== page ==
Naidu was bold and outspoken, whom the residents dotingly referred to as the ‘hero’ of our colony. They could recognise him from a distance by his white stubble and amiable smile. He looked up to Mahatma Gandhi as a role model, and was inspired by his philosophy of nonviolence. Like the Mahatma, Naidu, all his life, never fought shy of speaking up against injustice. He was a man of impeccable integrity and simplicity.
After his retirement, he would spend morning hours making threads with his small charkha in his modest flat. With his two daughters well-settled and married, he now had plenty of time to work for the betterment of the colony. As a member of the welfare association, his activities ran the gamut— from meeting the area councillor regarding civic issues to inviting the area SHO once a month for an interactive session with colony residents. Patience and a silver tongue were the two weapons in his armoury. Whenever he found any resident on the wrong side of the law, or indulging in illegal construction, he never got into a verbal spat. He would gently request them to not violate the rules. Most of the time, people listened to his advice, but there were times when some residents, much as they might respect him, refused to keep on the straight and narrow. Naidu’s wife feared for his safety, because she knew that not everyone would behave in the way you expect them to.
He even kept track of the civic developments in his locality, whether or not the local MLA was utilising the funds meant for public welfare.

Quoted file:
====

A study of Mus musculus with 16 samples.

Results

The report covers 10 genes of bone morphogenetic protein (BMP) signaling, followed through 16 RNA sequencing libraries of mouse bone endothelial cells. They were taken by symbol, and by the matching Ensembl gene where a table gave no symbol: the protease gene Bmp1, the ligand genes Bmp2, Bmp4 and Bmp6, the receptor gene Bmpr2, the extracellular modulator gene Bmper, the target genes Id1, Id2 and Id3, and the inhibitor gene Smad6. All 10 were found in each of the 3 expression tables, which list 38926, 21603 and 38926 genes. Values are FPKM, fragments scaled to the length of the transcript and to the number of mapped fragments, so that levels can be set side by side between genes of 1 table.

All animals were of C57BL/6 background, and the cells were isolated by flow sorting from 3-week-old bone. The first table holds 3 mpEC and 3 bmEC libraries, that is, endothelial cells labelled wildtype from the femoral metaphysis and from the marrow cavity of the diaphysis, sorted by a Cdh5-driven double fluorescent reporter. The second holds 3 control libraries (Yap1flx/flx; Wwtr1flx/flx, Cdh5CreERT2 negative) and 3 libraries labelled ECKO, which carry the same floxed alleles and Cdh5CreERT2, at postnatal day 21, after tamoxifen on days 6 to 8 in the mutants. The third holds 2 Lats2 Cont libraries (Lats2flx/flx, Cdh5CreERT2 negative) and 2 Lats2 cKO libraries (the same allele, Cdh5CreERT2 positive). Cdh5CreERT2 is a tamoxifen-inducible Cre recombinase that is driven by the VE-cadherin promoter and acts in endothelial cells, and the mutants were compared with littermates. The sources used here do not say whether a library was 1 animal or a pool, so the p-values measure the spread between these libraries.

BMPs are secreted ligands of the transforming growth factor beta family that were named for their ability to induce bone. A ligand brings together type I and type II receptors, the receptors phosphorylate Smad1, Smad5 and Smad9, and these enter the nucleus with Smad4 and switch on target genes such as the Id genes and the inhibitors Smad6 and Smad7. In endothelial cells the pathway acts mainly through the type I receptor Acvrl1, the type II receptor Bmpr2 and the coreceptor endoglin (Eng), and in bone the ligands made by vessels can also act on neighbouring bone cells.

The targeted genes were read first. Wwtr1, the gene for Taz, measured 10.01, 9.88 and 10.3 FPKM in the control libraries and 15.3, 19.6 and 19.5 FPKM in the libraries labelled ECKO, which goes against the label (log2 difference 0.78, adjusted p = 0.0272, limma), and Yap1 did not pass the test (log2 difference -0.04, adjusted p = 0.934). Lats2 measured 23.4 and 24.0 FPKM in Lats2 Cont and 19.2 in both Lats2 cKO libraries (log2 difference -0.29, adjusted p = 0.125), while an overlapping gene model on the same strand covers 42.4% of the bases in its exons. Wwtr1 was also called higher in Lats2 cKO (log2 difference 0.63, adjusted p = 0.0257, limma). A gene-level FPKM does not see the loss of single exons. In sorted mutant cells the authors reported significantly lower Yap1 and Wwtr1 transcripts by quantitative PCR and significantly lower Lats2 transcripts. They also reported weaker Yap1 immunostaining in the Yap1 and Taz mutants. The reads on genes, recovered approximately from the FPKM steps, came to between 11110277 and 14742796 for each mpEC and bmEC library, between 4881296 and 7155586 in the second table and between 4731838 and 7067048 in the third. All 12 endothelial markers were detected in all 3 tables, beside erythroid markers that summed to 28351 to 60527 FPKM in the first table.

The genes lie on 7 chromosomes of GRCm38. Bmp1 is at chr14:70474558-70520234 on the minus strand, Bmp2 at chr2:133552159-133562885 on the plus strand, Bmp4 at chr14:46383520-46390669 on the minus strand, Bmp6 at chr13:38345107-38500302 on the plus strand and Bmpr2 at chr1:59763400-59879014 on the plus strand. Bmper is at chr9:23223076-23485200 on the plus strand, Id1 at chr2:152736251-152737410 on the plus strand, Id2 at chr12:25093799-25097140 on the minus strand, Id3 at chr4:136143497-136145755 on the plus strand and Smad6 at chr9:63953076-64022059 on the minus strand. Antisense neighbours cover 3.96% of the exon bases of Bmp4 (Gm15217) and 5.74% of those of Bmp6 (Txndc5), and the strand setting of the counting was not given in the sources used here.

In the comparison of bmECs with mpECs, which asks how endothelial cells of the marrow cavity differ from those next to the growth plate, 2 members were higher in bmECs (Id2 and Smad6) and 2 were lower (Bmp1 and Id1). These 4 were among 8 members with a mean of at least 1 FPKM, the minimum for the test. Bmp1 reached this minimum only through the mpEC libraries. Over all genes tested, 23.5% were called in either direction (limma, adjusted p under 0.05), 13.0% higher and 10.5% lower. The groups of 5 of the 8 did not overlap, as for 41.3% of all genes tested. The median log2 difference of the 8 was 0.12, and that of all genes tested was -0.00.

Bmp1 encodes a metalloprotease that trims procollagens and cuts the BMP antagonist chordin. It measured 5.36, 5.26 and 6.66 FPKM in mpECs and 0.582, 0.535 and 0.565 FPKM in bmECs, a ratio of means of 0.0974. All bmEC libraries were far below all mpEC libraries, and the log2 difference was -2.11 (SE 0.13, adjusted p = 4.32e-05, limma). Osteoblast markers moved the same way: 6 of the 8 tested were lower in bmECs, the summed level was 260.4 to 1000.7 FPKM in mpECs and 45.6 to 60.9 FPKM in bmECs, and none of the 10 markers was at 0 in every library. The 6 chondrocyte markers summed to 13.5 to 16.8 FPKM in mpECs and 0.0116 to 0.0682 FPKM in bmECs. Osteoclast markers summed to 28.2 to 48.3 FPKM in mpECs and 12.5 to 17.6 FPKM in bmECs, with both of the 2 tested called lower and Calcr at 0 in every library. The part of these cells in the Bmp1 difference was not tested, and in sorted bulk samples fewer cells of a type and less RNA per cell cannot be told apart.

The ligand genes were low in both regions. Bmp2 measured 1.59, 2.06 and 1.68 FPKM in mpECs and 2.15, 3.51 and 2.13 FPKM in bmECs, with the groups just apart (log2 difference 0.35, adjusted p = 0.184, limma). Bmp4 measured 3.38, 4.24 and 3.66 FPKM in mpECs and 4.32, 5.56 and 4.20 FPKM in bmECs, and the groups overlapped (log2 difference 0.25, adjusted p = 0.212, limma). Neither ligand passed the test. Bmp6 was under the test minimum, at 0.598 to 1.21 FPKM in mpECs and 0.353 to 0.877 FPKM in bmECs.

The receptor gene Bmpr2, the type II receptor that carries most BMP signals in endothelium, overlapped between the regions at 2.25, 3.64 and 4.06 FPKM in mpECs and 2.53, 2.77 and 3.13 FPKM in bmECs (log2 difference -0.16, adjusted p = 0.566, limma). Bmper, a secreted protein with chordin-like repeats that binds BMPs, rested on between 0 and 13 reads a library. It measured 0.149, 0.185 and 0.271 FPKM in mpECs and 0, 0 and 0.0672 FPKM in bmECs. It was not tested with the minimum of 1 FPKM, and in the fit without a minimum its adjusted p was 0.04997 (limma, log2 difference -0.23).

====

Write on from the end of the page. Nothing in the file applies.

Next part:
The Stakhanovite Naidu’s biggest challenge came when a polluting factory was operating illegally from the colony and was posing a health risk. So, the task of cutting the Gordian knot fell on him. He met the factory owners and requested them to stop their business activity. They gave him the hairy eyeball and threatened him with dire consequences. The residents, who had thrown in their lot with Naidu, got cold feet as the police looked the other way. But that didn’t unnerve Naidu, who knew that working for a cause goes with the territory. Repeated threats failed to cow down his pugnacious spirit.
One evening, a group of lathi-wielding goons waylaid a defenceless Naidu near his flat. Their intention was to intimidate him into submission. How wrong they were. The spunky Naidu didn’t even panic, and stared them down. He believed that the valiant die only once. The factory was sealed after a month and Naidu emerged as the real hero of the colony. But he was humble enough to thank the residents for their support.
A few years ago, Naidu passed away in his early seventies. If today the colony has become a better place to live in, it is all because of this feisty social crusader.